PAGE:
Month: June 2017

Driving Penalties / Modifies Texting LegislationDriving Penalties / Modifies Texting Legislation

Driving Penalties

The National Highway Traffic and Safety Administration reported that Maryland had 547 traffic-related fatalities in 2009, many of which were caused by reckless drivers. Additionally, according to the Maryland State Highway Administration, 24,379 accidents were the result of distracted driving and a significant portion are attributed to cell phone use.

Fatal Accidents: Reckless Drivers Now Face Jail Time

The Washington Post reported that, under the old law, reckless drivers who caused a fatality could receive punishment as insignificant as a traffic ticket or a fine.

Imagine someone who was speeding, admits to drinking the night before, and kills a pedestrian crossing the street, and receives a punishment that is the equivalent to a parking ticket. Many victim advocates believed justice was not being served, so they voiced their opinion loudly to Maryland’s policy makers.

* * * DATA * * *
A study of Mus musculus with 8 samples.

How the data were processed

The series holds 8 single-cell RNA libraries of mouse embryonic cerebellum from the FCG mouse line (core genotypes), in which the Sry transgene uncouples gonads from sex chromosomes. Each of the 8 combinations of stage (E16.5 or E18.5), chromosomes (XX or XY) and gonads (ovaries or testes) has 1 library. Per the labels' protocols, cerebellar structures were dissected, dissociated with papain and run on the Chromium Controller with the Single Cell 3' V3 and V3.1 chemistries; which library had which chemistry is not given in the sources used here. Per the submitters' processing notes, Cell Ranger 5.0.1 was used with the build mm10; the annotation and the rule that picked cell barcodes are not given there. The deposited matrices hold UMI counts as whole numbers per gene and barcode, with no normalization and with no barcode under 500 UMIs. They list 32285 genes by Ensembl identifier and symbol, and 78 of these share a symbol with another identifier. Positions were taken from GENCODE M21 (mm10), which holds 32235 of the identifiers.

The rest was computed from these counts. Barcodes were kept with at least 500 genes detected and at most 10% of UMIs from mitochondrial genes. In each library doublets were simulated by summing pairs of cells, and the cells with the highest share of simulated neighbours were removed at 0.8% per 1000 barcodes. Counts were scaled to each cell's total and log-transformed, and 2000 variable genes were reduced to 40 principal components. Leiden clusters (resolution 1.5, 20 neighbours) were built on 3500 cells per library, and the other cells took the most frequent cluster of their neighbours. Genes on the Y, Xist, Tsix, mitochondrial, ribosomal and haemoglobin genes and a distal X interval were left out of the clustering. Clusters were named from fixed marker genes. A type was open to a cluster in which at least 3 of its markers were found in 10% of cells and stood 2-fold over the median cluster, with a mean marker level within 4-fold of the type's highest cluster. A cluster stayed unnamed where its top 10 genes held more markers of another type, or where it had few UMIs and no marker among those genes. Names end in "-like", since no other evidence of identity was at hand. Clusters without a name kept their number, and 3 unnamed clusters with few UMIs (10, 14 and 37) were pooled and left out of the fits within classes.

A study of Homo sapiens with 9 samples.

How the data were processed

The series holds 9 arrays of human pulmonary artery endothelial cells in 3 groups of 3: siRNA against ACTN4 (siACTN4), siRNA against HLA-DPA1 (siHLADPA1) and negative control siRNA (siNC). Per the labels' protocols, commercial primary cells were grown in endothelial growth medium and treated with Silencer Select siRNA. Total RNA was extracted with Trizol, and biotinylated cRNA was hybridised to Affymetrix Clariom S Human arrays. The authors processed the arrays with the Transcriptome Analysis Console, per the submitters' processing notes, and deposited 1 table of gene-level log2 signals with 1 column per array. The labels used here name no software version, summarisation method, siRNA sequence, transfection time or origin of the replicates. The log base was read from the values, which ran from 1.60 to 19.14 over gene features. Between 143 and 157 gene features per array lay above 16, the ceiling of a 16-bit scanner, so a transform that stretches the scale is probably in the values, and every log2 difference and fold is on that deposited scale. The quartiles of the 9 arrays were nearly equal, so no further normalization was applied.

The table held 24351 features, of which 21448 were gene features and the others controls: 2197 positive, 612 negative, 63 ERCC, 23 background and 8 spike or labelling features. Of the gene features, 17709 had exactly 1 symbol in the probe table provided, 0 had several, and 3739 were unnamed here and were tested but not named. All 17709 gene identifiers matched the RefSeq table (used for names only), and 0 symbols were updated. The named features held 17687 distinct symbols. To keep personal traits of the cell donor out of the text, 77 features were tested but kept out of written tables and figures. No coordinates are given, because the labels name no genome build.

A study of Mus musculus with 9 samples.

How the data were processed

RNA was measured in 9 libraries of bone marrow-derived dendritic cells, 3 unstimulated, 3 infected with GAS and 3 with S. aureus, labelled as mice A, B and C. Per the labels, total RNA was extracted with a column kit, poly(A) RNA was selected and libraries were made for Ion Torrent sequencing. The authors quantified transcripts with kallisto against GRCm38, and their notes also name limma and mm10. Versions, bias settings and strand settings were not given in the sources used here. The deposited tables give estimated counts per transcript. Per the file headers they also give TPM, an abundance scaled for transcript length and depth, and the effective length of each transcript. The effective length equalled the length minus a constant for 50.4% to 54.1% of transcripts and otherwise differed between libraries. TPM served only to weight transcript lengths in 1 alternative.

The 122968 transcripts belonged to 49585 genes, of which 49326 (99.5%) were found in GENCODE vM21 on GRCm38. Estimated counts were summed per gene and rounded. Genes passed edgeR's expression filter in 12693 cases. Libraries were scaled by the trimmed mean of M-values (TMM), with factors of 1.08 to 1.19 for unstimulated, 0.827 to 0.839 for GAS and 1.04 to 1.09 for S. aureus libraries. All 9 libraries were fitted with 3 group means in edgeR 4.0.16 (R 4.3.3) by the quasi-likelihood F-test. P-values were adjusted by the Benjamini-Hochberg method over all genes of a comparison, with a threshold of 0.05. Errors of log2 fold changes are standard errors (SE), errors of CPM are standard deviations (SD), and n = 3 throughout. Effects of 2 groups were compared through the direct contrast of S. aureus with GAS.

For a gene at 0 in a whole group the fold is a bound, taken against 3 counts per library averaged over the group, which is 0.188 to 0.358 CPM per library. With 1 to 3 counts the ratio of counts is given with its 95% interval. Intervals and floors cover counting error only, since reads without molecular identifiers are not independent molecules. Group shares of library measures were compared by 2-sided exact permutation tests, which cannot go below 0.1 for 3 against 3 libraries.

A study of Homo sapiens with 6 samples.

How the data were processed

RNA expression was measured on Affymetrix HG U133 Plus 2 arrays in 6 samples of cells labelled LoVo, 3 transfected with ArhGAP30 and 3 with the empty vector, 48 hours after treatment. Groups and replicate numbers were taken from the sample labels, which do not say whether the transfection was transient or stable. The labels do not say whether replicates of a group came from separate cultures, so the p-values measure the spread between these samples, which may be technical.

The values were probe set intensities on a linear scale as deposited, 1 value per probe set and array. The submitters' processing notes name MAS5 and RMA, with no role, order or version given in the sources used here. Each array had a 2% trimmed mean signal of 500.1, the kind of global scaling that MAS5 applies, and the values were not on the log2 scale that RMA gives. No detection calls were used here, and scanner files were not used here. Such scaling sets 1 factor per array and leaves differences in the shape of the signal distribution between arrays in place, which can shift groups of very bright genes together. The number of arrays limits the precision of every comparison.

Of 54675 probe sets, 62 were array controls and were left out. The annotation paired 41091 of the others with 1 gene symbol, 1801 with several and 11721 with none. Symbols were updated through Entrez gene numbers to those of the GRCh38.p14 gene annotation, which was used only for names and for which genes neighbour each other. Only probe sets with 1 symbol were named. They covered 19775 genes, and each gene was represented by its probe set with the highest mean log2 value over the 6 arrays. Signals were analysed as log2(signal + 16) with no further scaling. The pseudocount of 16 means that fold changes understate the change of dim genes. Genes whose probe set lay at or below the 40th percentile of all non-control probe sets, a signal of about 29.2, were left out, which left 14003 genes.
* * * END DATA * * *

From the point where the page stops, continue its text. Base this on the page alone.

In response to these lobbying efforts, CBS reports that Maryland has passed legislation allowing prosecutors to bring criminal charges against reckless drivers if their actions result in the death of another. While parents and loved ones of reckless driving victims know this cannot bring back their loved ones, they are nevertheless joyful that future offenders will receive punishments that better fit their crimes.

Texting While Driving Now a Primary Offense

Maryland originally enacted texting while driving legislation several years ago. Unfortunately, this law was difficult for police to enforce because it was a secondary offense and an officer needed a separate reason (a primary offense) to pull a motorist over and ticket the driver for texting while driving.

Driving Penalties

Maryland’s legislature decided to erase this loophole in light of the car accident statistics that show the dangers of distracted driving. New legislation now make it possible for police to pull over a driver solely for texting while driving. The Washington Post details that those caught texting — unless texting the 911 emergency system — can be fined $70 and receive a point towards the suspension of their driver’s license.


While these new laws should help increase the safety of Maryland’s roads, it is obvious that not all car accidents can be prevented. Some individuals will still make the mistake of texting behind the wheel or driving irresponsibly. But victims can hold these negligent drivers accountable.

Those who have been injured in a car accident should stand up for their rights and speak with an experienced auto accident attorney immediately to discuss their options and potential legal claims.